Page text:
Summary: Spectrograms visually represent the speach signal, and the calculation of the Spectrogram is briefly explained.

We know how to acquire analog signals for digital processing (pre-filtering, sampling, and A/D conversion) and to compute spectra of discrete-time signals (using the FFT algorithm), let's put these various components together to learn how the spectrogram shown in Figure 1, which is used to analyze speech, is calculated. The speech was sampled at a rate of 11.025 kHz and passed through a 16-bit A/D converter.

Music compact discs (CDs) encode their signals at a
sampling rate of 44.1 kHz. We'll learn the rationale for this
number later. The 11.025 kHz sampling rate for the speech is
1/4 of the CD sampling rate, and was the lowest available
sampling rate commensurate with speech signal bandwidths
available on my computer.

Looking at Figure 1 the signal lasted a little over 1.2 seconds. How long was the sampled signal (in terms of samples)? What was the datarate during the sampling process in bps (bits per second)? Assuming the computer storage is organized in terms of bytes (8-bit quantities), how many bytes of computer memory does the speech consume?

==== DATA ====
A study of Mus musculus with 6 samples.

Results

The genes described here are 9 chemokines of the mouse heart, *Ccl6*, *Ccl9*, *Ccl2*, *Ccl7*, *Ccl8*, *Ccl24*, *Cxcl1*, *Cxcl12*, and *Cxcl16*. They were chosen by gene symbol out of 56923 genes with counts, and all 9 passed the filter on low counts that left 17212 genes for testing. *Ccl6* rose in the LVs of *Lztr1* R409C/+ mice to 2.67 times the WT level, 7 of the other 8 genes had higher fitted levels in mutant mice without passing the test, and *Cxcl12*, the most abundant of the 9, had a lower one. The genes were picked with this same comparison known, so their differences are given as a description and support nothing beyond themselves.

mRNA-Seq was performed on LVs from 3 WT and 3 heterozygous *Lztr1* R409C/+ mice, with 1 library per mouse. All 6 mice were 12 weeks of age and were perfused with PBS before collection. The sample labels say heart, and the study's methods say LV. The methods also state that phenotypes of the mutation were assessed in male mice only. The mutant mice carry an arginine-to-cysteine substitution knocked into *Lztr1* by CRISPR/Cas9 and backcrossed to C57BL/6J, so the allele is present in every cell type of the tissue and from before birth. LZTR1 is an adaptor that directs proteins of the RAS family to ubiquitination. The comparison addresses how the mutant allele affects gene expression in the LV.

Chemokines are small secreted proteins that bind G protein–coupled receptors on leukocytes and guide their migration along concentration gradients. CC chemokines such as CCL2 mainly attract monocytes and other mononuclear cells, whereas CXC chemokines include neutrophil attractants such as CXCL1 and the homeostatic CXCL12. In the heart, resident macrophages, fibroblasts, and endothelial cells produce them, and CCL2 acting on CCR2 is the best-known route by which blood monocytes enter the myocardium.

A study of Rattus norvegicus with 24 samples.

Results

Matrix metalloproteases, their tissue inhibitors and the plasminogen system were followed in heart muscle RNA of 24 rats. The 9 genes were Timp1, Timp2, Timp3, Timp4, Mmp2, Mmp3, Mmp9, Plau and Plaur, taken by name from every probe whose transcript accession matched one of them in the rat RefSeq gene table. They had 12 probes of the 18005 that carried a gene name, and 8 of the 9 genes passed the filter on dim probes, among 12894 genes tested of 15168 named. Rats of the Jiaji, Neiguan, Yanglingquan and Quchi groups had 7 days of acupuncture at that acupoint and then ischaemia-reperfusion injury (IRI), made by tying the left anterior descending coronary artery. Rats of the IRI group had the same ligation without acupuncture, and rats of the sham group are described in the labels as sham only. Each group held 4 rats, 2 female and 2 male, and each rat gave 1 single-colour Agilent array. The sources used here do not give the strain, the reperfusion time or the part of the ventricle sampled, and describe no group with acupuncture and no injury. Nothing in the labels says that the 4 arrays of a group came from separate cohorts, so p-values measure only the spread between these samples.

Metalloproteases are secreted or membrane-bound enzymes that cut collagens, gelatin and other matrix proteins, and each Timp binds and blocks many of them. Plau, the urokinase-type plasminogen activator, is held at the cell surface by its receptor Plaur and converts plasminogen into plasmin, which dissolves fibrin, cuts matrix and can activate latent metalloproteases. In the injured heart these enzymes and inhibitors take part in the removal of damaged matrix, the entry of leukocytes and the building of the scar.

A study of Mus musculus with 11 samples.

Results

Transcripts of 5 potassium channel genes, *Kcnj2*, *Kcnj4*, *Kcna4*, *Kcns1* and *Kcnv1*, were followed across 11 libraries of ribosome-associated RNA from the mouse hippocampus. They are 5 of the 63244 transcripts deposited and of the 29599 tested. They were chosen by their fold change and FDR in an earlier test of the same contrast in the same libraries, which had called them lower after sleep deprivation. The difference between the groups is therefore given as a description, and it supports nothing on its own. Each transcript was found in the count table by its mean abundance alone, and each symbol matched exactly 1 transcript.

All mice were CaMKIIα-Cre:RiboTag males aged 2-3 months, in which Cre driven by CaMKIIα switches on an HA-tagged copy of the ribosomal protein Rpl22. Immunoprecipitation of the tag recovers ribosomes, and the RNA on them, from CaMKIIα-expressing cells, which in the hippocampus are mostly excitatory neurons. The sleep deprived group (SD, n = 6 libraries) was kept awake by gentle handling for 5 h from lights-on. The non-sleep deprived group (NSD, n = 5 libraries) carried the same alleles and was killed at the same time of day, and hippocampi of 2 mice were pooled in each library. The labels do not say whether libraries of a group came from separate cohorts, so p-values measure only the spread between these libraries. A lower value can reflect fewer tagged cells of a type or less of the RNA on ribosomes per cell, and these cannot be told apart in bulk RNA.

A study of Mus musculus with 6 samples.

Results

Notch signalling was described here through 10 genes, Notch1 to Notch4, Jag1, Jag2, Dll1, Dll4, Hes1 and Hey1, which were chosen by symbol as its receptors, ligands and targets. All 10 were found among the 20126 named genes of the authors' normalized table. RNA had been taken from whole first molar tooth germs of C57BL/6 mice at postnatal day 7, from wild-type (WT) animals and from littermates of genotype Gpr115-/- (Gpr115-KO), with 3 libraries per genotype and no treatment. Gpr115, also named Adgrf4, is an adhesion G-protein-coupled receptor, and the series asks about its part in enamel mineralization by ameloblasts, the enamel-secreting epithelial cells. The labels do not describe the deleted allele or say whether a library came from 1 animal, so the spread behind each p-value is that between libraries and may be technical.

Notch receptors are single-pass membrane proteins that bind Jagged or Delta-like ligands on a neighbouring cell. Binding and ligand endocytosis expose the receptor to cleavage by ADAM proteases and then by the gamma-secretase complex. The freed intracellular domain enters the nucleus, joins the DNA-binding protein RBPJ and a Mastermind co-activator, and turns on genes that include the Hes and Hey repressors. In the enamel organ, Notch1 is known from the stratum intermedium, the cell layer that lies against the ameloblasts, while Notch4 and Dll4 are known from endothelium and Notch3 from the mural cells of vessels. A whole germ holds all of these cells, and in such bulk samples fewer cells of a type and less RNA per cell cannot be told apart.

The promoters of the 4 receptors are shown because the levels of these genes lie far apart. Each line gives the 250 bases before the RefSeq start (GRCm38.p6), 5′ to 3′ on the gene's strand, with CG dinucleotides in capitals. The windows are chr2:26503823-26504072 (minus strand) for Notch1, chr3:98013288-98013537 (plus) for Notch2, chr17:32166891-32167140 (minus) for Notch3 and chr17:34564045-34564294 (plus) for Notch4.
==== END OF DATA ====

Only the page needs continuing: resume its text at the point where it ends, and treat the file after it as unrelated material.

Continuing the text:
Number of samples equals

Speech Spectrogram |
character with time. To display these spectral changes, the
long signal was sectioned into frames:
comparatively short, contiguous groups of samples.
Conceptually, a Fourier transform of each frame is calculated
using the FFT. Each frame is not so long that significant
signal variations are retained within a frame, but not so short
that we lose the signal's spectral character. Roughly speaking, the speech signal's spectrum is evaluated over successive time segments and stacked side by side so that the

An important detail emerges when we examine each framed signal (Figure 2).

Spectrogram Hanning vs. Rectangular |
some insight, what is the
length-

The oscillations are due to the boxcar window's Fourier transform, which equals the sinc function.

Non-overlapping windows |

The speech signal, such as shown in the speech spectrogram, is sectioned into overlapping, equal-length frames, with a Hanning window applied to each frame. The spectra of each of these is calculated, and displayed in spectrograms with frequency extending vertically, window time location running horizontally, and spectral magnitude color-coded. Figure 4 illustrates these computations.

Overlapping windows for computing spectrograms |

These numbers are powers-of-two, and the FFT algorithm can be exploited with these lengths. To compute a longer transform than the input signal's duration, we simply zero-pad the signal.

Comments:"Collection for undergraduates interested in speech processing featuring the linear speech production model."